Don Wall
Regional plan missing, Transport Futures delegates told

Small-town southwestern Ontario stands to lose out as the provincial government pursues its shiny megaprojects, GO Regional Express Rail (RER) and high-speed rail (HSR) from Windsor to Toronto, delegates attending the recent Transport Futures conference in Toronto were told.

Peter Crockett, CEO of Oxford County, located east of London, said an integrated regional transportation plan that co-ordinates multi-modal hubs, Via Rail, urban transit, intercity bus service and a concept he floated called high-performance rail (HPR) should be developed before Ontario proceeds to spend billions on HSR and speeds up the demise of other transportation systems.

The recent Transport Futures conference was devoted to intercity travel in Ontario, a programming decision the organization’s founder Martin Collier said was in recognition of Ontario’s expressed support for the concept of HSR based on a report submitted by special advisor David Collenette last spring. Collenette also spoke at the conference to outline the merits of the plan, which if implemented swiftly could see $21 billion spent and a first phase of HSR between London and Toronto in operation as early as 2025.

That would be a mistake if undertaken without broader consultation throughout the southwest, Crockett said.

“There is a substantial amount of money that needs to be invested in transportation systems,” said Crockett. “Frankly we want to make sure it gets invested in the way that makes the most sense.

what we’ve been doing for the last 150 years hasn’t got us where we need to get to

— Peter Crockett

Oxford County

 

“A completely balanced system has to include everything from cars to walking to bikes to public and private transportation systems.

“Our issue is there is no plan for southwest Ontario, there is no single jurisdiction that is taking the accountability and responsibility to show what that overall plan looks like and what it should include.”

Speakers earlier in the day had talked about challenges facing the Ontario Northland Transportation Commission and Via Rail, whose market share in Ontario has shrunk despite a doubling of the population and a tripling of income.

Crockett picked up on threats to intercity buses in the southwest, especially as GO expands. He said Oxford County has been advocating for support for intercity buses for a couple of years with the province, with broad-based stakeholder funding recommended to help the system retain viability.

“We believe that if the world doesn’t change, the motor coach industry is going to leave Ontario in the next 10 years,” said Crockett.

“The key from our standpoint is partnership,” he said. “We have heard a lot of discussion today about the difficulties and the challenges…Quite frankly, what we’ve been doing for the last 150 years hasn’t got us where we need to get to.”

Small-town southwestern Ontario stands to lose out as the provincial government pursues its shiny megaprojects, GO Regional Express Rail (RER) and high-speed rail (HSR) from Windsor to Toronto, delegates attending the recent Transport Futures conference in Toronto were told.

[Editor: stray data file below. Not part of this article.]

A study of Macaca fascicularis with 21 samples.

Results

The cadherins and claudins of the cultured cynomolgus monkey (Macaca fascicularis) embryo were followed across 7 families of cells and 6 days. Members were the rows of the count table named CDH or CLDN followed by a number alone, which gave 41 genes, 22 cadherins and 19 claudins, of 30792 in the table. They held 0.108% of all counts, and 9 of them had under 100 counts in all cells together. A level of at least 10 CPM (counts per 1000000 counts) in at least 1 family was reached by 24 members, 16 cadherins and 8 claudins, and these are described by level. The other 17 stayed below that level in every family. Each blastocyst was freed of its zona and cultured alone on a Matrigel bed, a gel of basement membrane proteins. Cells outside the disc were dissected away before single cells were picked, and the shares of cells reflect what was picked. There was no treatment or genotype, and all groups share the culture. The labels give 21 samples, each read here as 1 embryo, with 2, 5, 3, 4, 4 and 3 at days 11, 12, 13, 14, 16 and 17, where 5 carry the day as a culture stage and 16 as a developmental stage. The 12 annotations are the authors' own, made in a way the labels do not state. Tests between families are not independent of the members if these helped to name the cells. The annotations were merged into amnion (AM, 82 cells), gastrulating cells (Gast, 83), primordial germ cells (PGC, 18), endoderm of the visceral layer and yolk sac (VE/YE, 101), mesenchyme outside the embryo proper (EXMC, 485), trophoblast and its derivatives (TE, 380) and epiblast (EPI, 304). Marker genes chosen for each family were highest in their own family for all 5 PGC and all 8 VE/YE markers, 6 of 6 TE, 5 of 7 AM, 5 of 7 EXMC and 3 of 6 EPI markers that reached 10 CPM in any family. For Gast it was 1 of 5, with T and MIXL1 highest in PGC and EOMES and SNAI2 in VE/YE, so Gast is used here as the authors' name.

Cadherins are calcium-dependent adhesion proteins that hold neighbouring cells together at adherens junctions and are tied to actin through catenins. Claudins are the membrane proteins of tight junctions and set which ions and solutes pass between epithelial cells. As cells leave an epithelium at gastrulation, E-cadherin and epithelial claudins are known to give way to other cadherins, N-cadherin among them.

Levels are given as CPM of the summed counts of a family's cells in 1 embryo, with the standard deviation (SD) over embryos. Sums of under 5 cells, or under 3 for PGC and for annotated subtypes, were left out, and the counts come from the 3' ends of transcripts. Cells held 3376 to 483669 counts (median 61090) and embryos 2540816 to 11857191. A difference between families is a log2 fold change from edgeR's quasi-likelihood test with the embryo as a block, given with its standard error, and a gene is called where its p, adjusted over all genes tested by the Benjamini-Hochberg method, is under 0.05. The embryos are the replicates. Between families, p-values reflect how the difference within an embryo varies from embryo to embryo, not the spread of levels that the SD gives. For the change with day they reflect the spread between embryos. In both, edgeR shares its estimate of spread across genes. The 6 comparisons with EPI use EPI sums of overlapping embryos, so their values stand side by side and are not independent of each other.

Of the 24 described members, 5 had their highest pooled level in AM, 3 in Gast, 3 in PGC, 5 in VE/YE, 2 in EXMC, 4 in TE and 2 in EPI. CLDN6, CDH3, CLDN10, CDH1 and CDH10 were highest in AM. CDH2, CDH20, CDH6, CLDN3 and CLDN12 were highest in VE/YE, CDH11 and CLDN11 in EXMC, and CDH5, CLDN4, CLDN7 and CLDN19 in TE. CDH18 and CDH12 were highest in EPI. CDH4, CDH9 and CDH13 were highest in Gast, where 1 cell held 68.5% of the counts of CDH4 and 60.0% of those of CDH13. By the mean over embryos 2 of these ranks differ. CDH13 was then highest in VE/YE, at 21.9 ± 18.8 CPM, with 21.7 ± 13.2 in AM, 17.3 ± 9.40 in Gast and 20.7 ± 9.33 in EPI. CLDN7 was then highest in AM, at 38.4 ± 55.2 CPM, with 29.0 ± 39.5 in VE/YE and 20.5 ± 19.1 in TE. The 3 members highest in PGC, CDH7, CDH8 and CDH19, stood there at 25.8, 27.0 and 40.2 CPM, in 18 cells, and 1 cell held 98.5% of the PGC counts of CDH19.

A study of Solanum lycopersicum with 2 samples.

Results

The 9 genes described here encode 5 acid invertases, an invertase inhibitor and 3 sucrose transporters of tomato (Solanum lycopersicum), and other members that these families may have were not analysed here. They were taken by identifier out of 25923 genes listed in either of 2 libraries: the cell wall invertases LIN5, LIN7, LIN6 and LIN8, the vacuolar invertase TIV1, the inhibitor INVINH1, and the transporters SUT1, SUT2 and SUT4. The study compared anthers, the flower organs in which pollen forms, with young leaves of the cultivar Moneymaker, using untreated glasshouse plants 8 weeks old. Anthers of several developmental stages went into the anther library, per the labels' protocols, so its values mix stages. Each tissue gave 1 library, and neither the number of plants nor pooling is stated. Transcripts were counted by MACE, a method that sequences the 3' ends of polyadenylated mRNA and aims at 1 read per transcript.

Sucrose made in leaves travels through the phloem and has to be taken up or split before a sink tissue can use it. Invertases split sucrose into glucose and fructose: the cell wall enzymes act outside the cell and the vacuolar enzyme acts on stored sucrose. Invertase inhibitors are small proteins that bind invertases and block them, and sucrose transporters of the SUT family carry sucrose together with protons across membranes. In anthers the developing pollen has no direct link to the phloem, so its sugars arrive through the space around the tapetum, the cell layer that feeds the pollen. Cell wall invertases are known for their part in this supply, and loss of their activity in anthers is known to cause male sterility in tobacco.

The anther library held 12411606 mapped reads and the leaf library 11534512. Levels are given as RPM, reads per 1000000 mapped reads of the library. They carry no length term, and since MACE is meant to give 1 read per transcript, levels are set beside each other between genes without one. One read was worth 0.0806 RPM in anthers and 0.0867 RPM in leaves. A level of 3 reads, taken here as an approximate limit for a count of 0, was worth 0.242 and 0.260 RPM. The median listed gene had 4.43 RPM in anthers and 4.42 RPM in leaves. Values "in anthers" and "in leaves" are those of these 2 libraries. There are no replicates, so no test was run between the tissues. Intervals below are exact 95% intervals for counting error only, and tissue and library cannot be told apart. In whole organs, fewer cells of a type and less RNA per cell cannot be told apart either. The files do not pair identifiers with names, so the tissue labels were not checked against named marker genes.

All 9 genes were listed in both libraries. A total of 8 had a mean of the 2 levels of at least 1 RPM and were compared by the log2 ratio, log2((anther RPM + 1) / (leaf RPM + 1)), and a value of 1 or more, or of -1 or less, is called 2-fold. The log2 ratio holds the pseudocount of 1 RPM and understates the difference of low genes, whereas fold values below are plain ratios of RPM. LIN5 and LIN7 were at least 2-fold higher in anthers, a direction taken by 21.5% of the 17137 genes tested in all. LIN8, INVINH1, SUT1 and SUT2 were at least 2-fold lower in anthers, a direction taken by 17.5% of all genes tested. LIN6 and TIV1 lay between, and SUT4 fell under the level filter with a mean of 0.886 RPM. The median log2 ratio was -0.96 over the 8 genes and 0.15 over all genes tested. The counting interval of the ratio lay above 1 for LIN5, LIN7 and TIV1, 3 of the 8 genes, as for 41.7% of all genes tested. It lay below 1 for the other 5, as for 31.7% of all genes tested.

Peter Crockett, CEO of Oxford County, located east of London, said an integrated regional transportation plan that co-ordinates multi-modal hubs, Via Rail, urban transit, intercity bus service and a concept he floated called high-performance rail (HPR) should be developed before Ontario proceeds to spend billions on HSR and speeds up the demise of other transportation systems.

The recent Transport Futures conference was devoted to intercity travel in Ontario, a programming decision the organization’s founder Martin Collier said was in recognition of Ontario’s expressed support for the concept of HSR based on a report submitted by special advisor David Collenette last spring. Collenette also spoke at the conference to outline the merits of the plan, which if implemented swiftly could see $21 billion spent and a first phase of HSR between London and Toronto in operation as early as 2025.

That would be a mistake if undertaken without broader consultation throughout the southwest, Crockett said.

“There is a substantial amount of money that needs to be invested in transportation systems,” said Crockett. “Frankly we want to make sure it gets invested in the way that makes the most sense.

“A completely balanced system has to include everything from cars to walking to bikes to public and private transportation systems.

“Our issue is there is no plan for southwest Ontario, there is no single jurisdiction that is taking the accountability and responsibility to show what that overall plan looks like and what it should include.”

Speakers earlier in the day had talked about challenges facing the Ontario Northland Transportation Commission and Via Rail, whose market share in Ontario has shrunk despite a doubling of the population and a tripling of income.

Crockett picked up on threats to intercity buses in the southwest, especially as GO expands. He said Oxford County has been advocating for support for intercity buses for a couple of years with the province, with broad-based stakeholder funding recommended to help the system retain viability.

“We believe that if the world doesn’t change, the motor coach industry is going to leave Ontario in the next 10 years,” said Crockett.

“The key from our standpoint is partnership,” he said. “We have heard a lot of discussion today about the difficulties and the challenges…Quite frankly, what we’ve been doing for the last 150 years hasn’t got us where we need to get to.”